MPs: ‘Reinvest’ in Sure Start as tribute to political architect
Government ministers in the UK should reinvest in the landmark Sure Start centres for disadvantaged children as a tribute to their political architect, Tessa Jowell.
The death last week of the former Health Secretary from brain cancer has led to calls for ministers to increase their commitment to what were once seen as landmark early years centres, reports The Guardian newspaper.
Sure Start was introduced by the Labour government in 1998 to help give disadvantaged children, many of them in the inner cities, the best possible start in life. The programme has since been credited as transforming the lives of hundreds of thousands of children and their families across the UK. They were seen as a vital source of childcare, early education, health and family support, with an emphasis on outreach and community development.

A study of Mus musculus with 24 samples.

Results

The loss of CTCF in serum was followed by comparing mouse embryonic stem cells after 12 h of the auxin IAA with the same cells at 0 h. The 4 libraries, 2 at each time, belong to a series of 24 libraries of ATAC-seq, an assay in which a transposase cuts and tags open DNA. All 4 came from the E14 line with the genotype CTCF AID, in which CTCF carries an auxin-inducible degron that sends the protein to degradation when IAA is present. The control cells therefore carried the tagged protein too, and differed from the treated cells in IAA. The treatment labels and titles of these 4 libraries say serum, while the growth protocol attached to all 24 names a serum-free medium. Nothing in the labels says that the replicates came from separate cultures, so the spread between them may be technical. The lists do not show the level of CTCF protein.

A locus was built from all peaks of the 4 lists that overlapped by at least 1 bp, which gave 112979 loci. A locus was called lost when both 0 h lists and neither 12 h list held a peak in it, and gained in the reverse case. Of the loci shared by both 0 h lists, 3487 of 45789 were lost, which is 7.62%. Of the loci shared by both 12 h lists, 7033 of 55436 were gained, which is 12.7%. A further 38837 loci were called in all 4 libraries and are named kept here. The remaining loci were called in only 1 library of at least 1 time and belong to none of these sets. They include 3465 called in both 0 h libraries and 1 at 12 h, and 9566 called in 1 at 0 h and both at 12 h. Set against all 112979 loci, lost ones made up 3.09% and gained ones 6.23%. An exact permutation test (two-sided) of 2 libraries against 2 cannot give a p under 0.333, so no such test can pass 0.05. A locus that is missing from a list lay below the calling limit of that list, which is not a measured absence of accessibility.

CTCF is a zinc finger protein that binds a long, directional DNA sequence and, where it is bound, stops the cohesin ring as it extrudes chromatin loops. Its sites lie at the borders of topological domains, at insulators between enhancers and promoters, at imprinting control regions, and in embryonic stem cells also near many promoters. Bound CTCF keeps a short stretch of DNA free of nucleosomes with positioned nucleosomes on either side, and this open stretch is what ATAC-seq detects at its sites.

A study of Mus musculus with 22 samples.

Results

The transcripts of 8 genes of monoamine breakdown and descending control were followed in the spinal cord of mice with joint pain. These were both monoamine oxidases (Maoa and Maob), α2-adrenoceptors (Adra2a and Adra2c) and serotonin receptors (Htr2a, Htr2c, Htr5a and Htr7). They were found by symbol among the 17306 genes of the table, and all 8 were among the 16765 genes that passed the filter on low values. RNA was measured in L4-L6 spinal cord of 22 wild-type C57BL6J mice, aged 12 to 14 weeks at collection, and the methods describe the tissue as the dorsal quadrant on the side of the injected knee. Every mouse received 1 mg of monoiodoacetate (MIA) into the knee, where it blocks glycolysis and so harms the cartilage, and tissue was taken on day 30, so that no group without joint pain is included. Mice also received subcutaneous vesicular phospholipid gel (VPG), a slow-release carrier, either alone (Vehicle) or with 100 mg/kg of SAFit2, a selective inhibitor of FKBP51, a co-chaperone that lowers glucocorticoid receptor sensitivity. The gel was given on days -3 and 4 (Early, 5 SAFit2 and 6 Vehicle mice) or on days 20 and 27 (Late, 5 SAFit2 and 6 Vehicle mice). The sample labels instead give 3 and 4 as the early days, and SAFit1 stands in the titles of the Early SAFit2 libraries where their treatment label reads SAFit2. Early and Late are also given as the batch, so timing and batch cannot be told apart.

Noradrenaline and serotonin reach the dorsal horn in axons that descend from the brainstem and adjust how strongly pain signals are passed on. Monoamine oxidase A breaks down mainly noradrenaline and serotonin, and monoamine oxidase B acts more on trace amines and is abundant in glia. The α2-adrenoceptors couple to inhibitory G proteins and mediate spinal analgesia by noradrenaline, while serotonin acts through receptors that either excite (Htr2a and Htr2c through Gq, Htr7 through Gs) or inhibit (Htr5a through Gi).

Yet despite 3,000 centres being opened during the Labour party’s years in power between 1997 and 2010, hundreds were closed when the new coalition government came in and cut funds to local authorities. Labour MP Lisa Nandy says that Sure Start was one of Jowell’s ‘greatest achievements’, and that she had been so passionate about it because of how important family life was to her, and how important she knew family is to children from deprived backgrounds.
“In the last few days the number of people who have spoken up to talk about what it means to them is one of the things she would’ve been proudest of, and demonstrates why Sure Start matters so much and ought to be reinstated,” said Nandy.
Fellow MP Angela Rayner said Sure Start had personally helped her when she was a young mother, while Yvette Cooper, another former minister who served with Jowell, described her former colleague as the ‘mother of Sure Start’.